Forty years ago this month, former US president Richard Nixon made an historic visit to Beijng. On the prompting of then-US secretary of state Henry Kissinger, Nixon flew to China and the world has not been the same since. Neither has Taiwan.
To put things in perspective, Nixon’s visit was 19 years before the former Soviet Union collapsed and almost 17 years before the Tiananmen Square Massacre in Beijing.
Fast forward 40 years into the future — to 2052: What will the relationship between Taiwan and China look like then? And will China even exist as a communist state like it is today?
Taiwan watched in dismay as Air Force One made its slow descent into Beijing on that winter day 40 years ago. While Nixon’s trip was an important step in formally normalizing relations between Washington and Beijing, it also marked the first time a US president had visited China and it put US relations with Taiwan in an entirely new light. Taipei was put on alert and 40 years later, the geopolitics of the Asia-Pacific region are in the spotlight for all the world to see and ponder.
Nixon used his visit to Beijing to take his own place on the world stage and tell then-Chinese leader Mao Zedong (毛澤東) that it was time for the US and China to stop being “enemies” and “build a new and better world.”
Has that happened yet? Many observers in the West would say no, although how Taiwan deals with the issues involved is still being hotly debated on television talk shows and in news columns.
Today there are two “Chinas,” one communist and populated by more than 1 billion people, and the other a small island nation with a democratic backbone and a strong will to make its mark on history. So far, so good.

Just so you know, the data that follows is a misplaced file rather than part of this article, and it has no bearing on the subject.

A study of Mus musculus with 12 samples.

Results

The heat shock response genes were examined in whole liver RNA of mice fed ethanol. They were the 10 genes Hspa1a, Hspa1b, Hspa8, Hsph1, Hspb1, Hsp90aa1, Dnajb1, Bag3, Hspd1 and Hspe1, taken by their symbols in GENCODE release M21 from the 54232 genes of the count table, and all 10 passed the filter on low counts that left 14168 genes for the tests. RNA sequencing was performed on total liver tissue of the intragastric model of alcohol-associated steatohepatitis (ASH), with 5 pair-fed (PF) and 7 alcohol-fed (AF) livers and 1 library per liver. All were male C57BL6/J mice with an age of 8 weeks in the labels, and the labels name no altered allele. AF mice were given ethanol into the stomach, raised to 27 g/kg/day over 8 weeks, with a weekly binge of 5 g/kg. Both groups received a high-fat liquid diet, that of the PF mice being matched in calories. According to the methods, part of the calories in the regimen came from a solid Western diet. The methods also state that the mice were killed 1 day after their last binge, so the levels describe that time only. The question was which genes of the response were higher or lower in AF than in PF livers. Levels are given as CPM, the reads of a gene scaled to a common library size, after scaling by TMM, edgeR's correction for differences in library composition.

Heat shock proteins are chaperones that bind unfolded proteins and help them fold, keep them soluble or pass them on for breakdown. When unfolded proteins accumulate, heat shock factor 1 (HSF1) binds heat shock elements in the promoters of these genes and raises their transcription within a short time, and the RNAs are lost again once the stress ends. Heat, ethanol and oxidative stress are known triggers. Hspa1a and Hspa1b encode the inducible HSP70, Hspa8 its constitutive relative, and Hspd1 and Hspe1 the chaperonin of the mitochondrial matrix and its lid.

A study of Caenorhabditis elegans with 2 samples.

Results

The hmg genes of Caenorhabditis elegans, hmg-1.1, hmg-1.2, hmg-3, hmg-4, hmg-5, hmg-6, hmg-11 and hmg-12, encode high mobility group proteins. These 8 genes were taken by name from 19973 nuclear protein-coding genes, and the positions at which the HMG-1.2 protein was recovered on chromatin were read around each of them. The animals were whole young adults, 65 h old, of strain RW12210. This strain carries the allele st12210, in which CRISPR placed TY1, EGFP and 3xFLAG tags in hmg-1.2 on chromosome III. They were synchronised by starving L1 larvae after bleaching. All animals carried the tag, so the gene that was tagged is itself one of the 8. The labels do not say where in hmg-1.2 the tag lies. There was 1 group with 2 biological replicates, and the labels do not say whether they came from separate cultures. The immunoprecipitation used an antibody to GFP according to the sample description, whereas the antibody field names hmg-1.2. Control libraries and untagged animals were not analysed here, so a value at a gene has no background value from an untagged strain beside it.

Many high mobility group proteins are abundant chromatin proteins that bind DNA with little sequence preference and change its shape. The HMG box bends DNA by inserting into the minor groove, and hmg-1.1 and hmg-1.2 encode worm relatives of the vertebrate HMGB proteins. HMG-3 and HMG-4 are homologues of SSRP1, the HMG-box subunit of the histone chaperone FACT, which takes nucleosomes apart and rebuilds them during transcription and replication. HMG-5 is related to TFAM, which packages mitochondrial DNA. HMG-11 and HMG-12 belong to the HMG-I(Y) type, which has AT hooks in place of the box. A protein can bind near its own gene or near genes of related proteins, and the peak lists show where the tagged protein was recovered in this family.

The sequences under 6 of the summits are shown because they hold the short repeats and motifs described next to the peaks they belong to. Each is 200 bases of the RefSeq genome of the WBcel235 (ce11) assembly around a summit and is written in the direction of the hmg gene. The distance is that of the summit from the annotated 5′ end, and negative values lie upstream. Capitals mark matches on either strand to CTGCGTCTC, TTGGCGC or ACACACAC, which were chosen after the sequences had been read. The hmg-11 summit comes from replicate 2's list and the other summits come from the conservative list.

However, what does the future hold? Where do things go from here?
China still takes up a disproportionate amount of time and focus from US foreign policy strategists, while Taiwan has been left to endure being caught in the diplomatic nightmare that Nixon and Kissinger put into play.
In 2052, where will Taiwan be? It is something to ponder this month as TV news shows replay old footage of the Nixon-Mao meetings and talking heads on TVBS and CNN go at it.
Nixon remapped Taiwan’s place on the world stage with the stroke of a pen in Beijing in 1972. However, did he err on the side of fear and trembling, as many observers feel? Or did he — and Kissinger — see the future and act correctly?
Only time will tell.
Meanwhile, Taiwan is no longer on the sidelines of history and this proud democracy is forging its own destiny on the world map. Anniversaries come and go, but Taiwan is forever.
Dan Bloom is a freelance writer in Taiwan.